Not to knock the many talented video artists involved in the “free all-night contemporary art thing” that is Nuit Blanche, but as students, we already spend enough time staring at screens. The night’s most successful, and memorable, past events have typically been those that eschewed visual projections in favour of community interaction and spontaneous audience participation. And anything where people do crazy shit.

Zone A

Ice Queen: Glacial Retreat Dress Tent

Toronto Eaton Centre—inside the north entrance

SW corner of Yonge and Dundas

American artists Robin Lasser and Adrienne Pao transform various styles of tents and nomadic structures into wearable garments. Read: clothes you can literally live in.

Battle Royal

Toronto Coach Terminal – 610 Bay St.

Satisfy your Nuit Blanche bloodlust with a blindfolded cage-fight! Shaun “El Conquistador” Leonardo (artist and trained fighter) and “19 elite pro-wrestlers” will duke it out until one man is left standing, but no worries: after 7 p.m., audience members are invited to play along! And yes, this event has been listed as suitable for all ages.

Beautiful Light:


Toronto City Hall, Nathan Phillips Square

100 Queen St. W.

Suspended 65 metres in the air between the City Hall towers, four seven-square-metre alphanumeric quartz lamp arrays will display codes, DNA sequences, and elemental words. In other words, giant glowing messages will be floating IN THE AIR! This is almost like a projection, but it’s so damn cool we at The Varsity simply don’t care.

Le Grand Peep Show by Corpus

The Stables of Casa Loma

328 Walmer Rd.

This is true conceptual art: two human marionettes dressed in black PVC bodysuits “perform an unusual courtship ritual” inside a large peep-show tent constructed in the Casa Loma Stables. The two will communicate solely through touch, from sunset to sunrise, to the sounds of carnival music. Combined with a lack of sleep, this event promises to be an engaging, borderline-hallucinatory experience.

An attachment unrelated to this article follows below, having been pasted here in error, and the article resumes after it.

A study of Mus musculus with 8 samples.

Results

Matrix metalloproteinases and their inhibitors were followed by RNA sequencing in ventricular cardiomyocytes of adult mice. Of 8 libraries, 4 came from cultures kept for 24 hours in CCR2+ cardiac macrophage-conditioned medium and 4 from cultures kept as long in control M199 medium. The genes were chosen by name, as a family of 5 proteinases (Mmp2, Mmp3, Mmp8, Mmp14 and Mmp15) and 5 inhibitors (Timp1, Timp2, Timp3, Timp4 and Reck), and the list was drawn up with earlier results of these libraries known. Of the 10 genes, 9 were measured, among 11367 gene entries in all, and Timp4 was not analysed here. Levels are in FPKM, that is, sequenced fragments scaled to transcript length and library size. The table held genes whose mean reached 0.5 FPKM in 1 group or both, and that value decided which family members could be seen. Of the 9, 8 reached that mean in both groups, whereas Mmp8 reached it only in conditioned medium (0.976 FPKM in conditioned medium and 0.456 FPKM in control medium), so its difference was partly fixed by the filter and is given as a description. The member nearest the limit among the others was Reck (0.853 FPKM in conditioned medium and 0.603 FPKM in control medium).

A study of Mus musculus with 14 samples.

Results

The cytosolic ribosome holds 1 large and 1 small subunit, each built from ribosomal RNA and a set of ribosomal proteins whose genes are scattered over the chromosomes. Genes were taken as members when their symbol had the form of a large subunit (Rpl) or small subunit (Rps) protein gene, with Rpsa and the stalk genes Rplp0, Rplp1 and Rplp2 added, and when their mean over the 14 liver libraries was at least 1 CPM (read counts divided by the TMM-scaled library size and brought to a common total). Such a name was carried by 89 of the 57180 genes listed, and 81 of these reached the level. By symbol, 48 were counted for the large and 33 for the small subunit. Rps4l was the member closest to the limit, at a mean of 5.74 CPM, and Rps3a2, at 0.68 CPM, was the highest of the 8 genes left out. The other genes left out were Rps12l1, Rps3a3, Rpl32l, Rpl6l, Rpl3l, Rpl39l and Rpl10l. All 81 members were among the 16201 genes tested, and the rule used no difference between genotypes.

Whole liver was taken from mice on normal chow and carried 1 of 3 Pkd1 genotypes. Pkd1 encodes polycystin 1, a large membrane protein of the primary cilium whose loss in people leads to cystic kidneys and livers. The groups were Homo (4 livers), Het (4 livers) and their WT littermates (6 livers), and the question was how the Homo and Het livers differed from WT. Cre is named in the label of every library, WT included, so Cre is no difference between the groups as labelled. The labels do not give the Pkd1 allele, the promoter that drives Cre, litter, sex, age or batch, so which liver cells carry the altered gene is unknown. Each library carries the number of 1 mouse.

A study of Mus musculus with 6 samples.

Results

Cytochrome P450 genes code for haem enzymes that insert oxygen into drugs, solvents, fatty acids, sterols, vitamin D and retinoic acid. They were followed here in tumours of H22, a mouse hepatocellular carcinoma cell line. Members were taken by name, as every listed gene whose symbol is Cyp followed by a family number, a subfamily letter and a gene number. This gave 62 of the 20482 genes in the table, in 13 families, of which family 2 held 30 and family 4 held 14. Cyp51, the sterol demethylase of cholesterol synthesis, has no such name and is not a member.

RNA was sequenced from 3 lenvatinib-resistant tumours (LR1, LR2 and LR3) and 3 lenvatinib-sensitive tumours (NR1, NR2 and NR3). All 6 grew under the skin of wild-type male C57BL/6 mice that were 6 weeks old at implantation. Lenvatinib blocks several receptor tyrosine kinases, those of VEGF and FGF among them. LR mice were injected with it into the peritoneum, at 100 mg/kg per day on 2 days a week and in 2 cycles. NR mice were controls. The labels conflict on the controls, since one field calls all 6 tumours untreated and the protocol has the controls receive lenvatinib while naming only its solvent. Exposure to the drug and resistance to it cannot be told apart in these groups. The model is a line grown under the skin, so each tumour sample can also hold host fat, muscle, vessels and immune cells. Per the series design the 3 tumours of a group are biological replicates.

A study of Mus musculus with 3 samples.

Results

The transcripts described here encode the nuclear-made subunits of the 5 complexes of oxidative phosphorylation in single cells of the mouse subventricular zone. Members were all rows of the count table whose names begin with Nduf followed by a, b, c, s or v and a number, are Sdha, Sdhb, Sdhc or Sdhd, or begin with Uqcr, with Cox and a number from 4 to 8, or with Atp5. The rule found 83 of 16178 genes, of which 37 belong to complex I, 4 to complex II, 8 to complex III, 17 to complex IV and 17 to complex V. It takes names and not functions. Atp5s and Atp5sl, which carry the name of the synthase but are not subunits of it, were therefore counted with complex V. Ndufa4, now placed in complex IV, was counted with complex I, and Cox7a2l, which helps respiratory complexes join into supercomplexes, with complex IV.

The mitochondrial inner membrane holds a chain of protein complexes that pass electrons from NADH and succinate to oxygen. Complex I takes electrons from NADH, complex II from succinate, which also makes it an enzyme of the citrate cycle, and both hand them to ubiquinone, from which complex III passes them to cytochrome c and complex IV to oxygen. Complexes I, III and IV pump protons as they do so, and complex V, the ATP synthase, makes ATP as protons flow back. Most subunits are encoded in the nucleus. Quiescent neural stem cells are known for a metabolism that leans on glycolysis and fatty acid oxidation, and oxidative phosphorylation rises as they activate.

BOUNCING BRIDE: What Goes Down Must Go Up

Music Gallery Courtyard

197 John St.

A cheesy wedding DJ dance party combined with a mini trampoline and a performance artist dressed like a bride may not be everyone’s idea of a fun time, but even those who opt out of “playing groom” atop the bouncing bride’s 10-foot wedding cake might enjoy taking a break on this installation’s memory foam “bottom cake layer” lounge.

Zone B


Eastern Wall of Fresh and Wild Patio, Distillery Lane, Building 32,

55 Mill St.

Embrace your inner exhibitionist with this interactive exhibit that encourages visitors to anonymously text a secret from their cell phones and take their photos at one of the event’s custom photo booths. Secrets will be randomly paired with audience photos and displayed for all to see.

10 Scents

Outside Union Station

Corner of Bay and Front (lower level)

Visitors are invited to enter portable toilets filled with “unlikely materials and scents” intended to conjure a surreal sensory experience.

Zone C

The Apology Project

Liberty Market Building Atrium Corridor, West

171 East Liberty St., Hanna Street Entrance

Creative and quintessentially Toronto, this event features a cluster of 55 people wearing large brown paper bags who will congest a public hallway and personally apologize to every person venturing through them. As the event description puts it, “time will become a device that at once tests the physical limits of the performers and also testifies to their will to be obnoxious and continue to maintain a disruptive posture even though they are physically exhausted.”


Studio City

1 Pardee Ave., Studio #1

Japanese performance artist Norico Sunayama invites you to go under her skirt—literally. The artist will be wearing a huge velvet scarlet dress and poised on a three-metre-high chair. The drapery of her flowing skirt will produce the “sensory chamber” within.

Dance of the Cranes

Liberty Towers Construction Site

East Liberty and Pirandello

Not your usual dance-off, this collaborative performance piece consists of 13-minute choreographed dances performed by two high-rise construction cranes at the beginning of every hour, from 7 p.m. to 3 a.m.